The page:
For related articles and more information, please visit OCA's health Issues page and our Politics and Democracy page.

You aren't likely to read this anywhere else .

To everyone's surprise, John Roberts, chief justice of the Supreme Court, didn't exactly approve or disapprove of Obama's healthcare law. He simply rewrote important parts of it and then approved it. So what do these changes mean for integrative medicine?

The most important change Roberts made for integrative medicine is that he changed the mandate, which in turn has truly major implications for financing integrative treatments. Under President Obama's legislation, it was a legal requirement to buy an insurance policy that met all US government requirements. Under the law as modified by Roberts, it becomes a "lawful choice" (his own words) not to buy this government-defined insurance, to buy some other kind of insurance, or to buy no insurance at all.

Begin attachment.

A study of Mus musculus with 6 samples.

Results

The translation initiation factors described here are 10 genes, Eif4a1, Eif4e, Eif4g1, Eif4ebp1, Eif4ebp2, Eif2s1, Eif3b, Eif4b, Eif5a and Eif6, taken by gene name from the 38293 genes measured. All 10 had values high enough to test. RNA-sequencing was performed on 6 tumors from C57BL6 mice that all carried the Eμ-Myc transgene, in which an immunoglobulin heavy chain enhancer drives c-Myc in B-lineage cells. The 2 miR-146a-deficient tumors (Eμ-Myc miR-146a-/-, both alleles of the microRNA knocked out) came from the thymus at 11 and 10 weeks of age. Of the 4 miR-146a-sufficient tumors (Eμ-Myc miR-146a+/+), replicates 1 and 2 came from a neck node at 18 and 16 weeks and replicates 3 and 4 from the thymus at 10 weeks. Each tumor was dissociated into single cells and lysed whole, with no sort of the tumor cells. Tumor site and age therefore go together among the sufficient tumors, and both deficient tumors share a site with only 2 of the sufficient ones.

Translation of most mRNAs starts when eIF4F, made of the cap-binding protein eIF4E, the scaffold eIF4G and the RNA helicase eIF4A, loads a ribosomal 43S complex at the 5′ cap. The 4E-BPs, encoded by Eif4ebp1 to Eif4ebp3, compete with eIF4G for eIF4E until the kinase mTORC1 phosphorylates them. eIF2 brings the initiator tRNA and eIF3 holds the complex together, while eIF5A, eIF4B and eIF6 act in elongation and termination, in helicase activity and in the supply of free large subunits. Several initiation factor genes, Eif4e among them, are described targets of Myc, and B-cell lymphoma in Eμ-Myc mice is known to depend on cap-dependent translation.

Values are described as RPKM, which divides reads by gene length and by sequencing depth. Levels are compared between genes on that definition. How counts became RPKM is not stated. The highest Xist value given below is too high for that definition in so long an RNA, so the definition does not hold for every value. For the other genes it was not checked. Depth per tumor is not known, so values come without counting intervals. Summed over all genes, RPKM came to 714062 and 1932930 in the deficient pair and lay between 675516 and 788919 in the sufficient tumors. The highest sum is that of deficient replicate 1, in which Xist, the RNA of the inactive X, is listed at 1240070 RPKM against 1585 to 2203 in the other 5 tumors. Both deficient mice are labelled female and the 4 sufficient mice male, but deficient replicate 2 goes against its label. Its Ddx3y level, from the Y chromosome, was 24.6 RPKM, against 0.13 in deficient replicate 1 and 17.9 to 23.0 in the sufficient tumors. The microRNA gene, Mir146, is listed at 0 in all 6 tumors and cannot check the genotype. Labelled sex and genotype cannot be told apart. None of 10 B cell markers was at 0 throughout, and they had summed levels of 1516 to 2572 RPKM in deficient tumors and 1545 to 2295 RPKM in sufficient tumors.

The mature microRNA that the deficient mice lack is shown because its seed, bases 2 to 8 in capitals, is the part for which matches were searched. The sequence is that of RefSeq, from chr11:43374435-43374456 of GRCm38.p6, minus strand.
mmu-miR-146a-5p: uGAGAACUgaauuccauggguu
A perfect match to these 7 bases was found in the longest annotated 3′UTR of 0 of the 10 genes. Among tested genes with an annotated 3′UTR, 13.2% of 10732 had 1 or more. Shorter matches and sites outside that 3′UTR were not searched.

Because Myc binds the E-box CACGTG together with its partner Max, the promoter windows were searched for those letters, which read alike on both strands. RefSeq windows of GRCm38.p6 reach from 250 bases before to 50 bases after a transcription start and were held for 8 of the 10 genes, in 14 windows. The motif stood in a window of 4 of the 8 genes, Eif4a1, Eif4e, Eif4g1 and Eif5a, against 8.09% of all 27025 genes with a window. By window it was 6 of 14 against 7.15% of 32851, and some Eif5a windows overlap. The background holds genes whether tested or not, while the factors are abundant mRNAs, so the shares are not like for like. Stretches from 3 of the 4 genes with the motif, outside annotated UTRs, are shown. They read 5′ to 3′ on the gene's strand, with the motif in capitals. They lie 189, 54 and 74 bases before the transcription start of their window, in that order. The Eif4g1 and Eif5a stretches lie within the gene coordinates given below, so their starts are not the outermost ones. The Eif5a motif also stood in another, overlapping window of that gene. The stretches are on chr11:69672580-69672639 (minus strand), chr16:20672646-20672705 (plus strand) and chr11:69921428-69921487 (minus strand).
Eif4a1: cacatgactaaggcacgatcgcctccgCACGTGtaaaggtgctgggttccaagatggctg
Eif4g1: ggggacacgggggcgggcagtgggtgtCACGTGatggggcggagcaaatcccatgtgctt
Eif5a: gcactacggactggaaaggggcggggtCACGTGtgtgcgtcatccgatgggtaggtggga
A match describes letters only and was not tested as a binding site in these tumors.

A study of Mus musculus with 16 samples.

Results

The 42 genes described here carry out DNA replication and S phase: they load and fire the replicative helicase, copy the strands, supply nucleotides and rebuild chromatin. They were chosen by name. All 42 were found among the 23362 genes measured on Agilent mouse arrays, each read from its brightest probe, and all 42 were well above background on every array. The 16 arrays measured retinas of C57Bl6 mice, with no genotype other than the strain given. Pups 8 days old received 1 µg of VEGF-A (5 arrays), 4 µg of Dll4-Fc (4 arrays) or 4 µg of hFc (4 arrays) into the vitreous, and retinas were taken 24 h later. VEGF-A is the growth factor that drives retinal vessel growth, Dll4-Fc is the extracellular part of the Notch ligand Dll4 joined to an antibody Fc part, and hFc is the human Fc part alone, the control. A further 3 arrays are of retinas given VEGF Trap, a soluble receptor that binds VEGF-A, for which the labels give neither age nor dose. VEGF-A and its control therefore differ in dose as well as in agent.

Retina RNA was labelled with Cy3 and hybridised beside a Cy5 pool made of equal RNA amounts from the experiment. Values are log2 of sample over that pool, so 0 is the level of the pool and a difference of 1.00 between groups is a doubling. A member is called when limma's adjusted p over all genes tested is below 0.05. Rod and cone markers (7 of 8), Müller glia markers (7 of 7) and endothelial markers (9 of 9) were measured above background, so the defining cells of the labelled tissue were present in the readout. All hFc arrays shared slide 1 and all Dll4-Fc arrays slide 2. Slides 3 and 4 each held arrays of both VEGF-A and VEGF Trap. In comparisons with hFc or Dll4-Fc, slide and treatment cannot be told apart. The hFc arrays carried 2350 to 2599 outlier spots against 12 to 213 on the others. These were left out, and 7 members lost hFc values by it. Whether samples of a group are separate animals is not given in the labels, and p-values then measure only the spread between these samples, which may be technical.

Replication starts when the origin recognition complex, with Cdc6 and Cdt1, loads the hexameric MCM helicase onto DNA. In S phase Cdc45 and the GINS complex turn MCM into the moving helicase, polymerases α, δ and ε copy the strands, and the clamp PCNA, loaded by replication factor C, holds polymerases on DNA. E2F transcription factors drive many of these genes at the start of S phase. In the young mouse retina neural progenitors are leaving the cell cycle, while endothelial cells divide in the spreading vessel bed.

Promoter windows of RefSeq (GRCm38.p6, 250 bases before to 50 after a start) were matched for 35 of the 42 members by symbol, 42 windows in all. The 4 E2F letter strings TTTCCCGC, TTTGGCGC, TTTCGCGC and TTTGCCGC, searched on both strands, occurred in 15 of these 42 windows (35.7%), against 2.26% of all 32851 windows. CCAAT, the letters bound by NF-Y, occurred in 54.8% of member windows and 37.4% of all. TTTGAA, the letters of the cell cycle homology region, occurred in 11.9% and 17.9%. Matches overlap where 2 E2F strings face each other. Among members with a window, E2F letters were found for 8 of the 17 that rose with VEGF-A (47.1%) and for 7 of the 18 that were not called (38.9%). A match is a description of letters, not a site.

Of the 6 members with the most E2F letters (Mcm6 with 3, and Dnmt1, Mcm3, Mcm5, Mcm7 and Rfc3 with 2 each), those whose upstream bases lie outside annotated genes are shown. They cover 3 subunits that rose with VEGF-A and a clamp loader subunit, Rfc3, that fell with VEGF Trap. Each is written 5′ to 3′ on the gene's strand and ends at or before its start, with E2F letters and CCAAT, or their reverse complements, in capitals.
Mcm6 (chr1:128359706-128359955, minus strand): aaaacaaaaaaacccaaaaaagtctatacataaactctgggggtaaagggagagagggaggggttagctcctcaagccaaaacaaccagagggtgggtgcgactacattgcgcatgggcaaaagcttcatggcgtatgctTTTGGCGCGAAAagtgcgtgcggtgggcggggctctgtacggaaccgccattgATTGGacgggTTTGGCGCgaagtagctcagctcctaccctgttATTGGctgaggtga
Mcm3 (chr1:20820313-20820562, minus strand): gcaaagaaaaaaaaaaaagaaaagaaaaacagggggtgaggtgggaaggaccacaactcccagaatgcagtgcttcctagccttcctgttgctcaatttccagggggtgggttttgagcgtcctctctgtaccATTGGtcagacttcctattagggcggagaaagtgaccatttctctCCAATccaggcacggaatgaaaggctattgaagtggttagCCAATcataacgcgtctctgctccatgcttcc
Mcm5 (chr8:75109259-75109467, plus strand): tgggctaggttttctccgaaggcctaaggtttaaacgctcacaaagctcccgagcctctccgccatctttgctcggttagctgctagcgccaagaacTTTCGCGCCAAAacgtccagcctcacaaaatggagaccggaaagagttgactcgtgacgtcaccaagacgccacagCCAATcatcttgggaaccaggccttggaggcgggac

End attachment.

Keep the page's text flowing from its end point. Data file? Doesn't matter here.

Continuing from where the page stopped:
The financial consequence is the same. Under the original legislation, you paid a "penalty" for not complying with the law. Under Roberts, you owe a tax but can get yourself exempted from it by buying government-approved insurance. Since the financial consequences are the same, is there a difference?

Yes there is. Studies show conclusively that people are not only motivated by money. Most people, quite apart from the cost, do not want to violate the law. If the law says they must buy the government's version of insurance, they will. If they are told it is a "lawful choice" not to buy it, they may not, even if there is a financial cost attached to it, especially if the cost is not too high.

The cost of not buying government-defined insurance under Obama's legislation is much less than buying it. The first year cost (in 2014) for an individual is $95. This increases to $695 in 2016 and then goes up with "inflation." Households will either pay the greater of this or 1% of their total income, rising to 2.5% in 2016.

But how does this matter for integrative medicine in particular?